WASHINGTON, D.C., 25 October, 2011—Battelle Research Leader Chad Bouton will be one of a group of distinguished presenters at the Independent Inventors Symposium, co-organized by the Smithsonian American Art Museum and the United States Patent and Trademark Office(USPTO), which will be held Oct. 27-28 in the museum’s Nan Tucker McEvoy Auditorium. The event is part of a series of public programs complementing "The Great American Hall of Wonders" exhibition, which is sponsored by Battelle in conjunction with USPTO.
In addition to a slate of other impressive presenters, the session will feature U.S. Rep. Mel Watt of North Carolina. Representative Watt will speak about the need for economic growth through new technologies.
Bouton has been recognized by Congress and the National Academy of Engineering for his work in the medical device field, including the development of neural decoding methods that allowed a person to control a wheelchair with a brain implant for the first time.
During his presentation, Bouton will discuss his expertise with the patenting process and several examples of his patented inventions—from devices used for cancer detection to brain implants. Bouton also will discuss the importance of patenting for independent inventors and companies that vary in size from small start-ups to large research and development organizations such as Battelle.
“Patenting not only provides the protection that independent inventors and companies require to survive, but it also serves as a powerful catalyst for the generation of new ideas and inventions,” Bouton said. “Furthermore, patenting here in the U.S. is critical because of our nation’s history of innovation and creativity and the important role domestic patents play in protecting our future.”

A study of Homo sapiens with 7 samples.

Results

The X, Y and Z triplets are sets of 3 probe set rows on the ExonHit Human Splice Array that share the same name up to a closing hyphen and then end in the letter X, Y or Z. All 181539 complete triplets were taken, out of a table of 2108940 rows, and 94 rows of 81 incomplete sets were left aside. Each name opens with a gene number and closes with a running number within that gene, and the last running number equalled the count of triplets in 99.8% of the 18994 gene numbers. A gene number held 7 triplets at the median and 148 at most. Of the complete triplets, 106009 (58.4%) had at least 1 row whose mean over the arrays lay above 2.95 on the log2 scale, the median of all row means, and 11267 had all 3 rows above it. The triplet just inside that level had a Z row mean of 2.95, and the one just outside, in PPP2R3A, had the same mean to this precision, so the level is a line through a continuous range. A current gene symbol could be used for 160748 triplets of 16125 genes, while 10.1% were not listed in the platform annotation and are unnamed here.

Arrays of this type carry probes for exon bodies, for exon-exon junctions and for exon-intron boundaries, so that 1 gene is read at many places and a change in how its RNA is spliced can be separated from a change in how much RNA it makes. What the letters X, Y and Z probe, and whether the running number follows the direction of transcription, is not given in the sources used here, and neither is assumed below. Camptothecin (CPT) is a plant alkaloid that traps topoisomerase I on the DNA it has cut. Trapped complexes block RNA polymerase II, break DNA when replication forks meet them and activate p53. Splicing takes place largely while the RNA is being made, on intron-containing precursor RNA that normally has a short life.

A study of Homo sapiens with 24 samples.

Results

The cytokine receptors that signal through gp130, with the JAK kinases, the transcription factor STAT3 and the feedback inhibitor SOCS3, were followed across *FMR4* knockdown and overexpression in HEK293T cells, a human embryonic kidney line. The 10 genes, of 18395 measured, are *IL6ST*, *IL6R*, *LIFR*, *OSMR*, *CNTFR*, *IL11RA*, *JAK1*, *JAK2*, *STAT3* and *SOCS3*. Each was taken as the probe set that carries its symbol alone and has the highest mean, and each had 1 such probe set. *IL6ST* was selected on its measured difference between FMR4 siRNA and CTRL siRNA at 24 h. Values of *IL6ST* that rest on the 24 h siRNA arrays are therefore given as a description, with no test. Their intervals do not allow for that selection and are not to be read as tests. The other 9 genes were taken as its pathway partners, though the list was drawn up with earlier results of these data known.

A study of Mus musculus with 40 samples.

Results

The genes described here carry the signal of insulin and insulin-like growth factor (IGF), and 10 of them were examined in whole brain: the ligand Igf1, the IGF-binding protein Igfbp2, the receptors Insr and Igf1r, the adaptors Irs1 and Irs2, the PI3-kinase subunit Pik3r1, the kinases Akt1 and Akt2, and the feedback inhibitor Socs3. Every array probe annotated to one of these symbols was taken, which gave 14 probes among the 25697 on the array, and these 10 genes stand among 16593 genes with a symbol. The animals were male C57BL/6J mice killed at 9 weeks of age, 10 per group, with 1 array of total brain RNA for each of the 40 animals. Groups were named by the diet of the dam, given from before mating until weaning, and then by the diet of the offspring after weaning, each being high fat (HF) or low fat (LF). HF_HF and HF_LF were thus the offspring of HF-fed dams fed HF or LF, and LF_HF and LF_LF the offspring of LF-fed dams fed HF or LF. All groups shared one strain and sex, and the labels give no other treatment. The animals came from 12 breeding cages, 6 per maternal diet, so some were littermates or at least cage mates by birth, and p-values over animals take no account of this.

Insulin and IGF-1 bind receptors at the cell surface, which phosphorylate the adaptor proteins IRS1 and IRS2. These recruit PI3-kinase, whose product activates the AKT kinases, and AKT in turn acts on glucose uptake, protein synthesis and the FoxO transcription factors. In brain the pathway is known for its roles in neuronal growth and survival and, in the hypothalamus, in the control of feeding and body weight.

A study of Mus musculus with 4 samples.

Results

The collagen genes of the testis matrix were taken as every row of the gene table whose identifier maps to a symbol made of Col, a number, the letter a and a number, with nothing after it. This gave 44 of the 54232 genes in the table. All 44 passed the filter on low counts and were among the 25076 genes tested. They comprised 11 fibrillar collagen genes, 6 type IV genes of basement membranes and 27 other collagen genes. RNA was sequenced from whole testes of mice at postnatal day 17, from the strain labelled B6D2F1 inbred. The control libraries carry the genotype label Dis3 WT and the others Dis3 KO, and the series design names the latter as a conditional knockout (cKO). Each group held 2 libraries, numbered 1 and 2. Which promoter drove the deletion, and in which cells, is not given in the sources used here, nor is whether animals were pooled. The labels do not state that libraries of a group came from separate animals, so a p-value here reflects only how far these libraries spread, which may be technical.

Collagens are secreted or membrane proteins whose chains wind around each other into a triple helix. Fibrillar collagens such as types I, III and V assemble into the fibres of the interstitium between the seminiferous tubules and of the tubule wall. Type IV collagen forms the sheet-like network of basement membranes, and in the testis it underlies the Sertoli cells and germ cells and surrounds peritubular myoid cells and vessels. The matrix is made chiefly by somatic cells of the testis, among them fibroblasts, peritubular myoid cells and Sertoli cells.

Other presenters will include Deborah Cohn (Commissioner for Trademarks) who will discuss the need for a trademark or a service mark, Peggy Focarino (Deputy Commissioner for Patents) who will discuss the impact of the newly enacted America Invents Act, and Federal Circuit Judge Jimmie Reyna who will discuss the U.S. intellectual property system.
The six-month exhibition at the Smithsonian American Art Museum entitled The Great American Hall of Wonders is on view through Jan. 8, 2012. It is a celebration of the uniquely American spirit of innovation and it investigates questions that are still critical today. Americans invented many important, world changing new items in the 19th century. It was this historic, innovative time in the United States that gave rise to the ambitions of Battelle’s founder Gordon Battelle (1883 – 1923), who established the nonprofit trust to use science and technology to help mankind—one of the first contract R&D businesses in America.
As the world’s largest independent research and development organization, Battelle provides innovative solutions to the world’s most pressing needs through its four global businesses: Laboratory Management; National Security; Health and Life Sciences; and Energy, Environment and Material Sciences. It advances scientific discovery and application by conducting $6.2 billion in global R&D annually through contract research, laboratory management and technology commercialization.
Headquartered in Columbus, Ohio, Battelle oversees 22,000 employees in more than 130 locations worldwide, including eight national laboratories for which Battelle has a significant management role on behalf of the U.S. Department of Energy, the U.S. Department of Homeland Security, and the United Kingdom.
Battelle also is one of the nation’s leading charitable trusts focusing on societal and economic impact and actively supporting and promoting science, technology, engineering and mathematics (STEM) education.
For more information contact Katy Delaney at (614) 424-7208 or firstname.lastname@example.org, or T.R. Massey at (614) 424-5544 or email@example.com.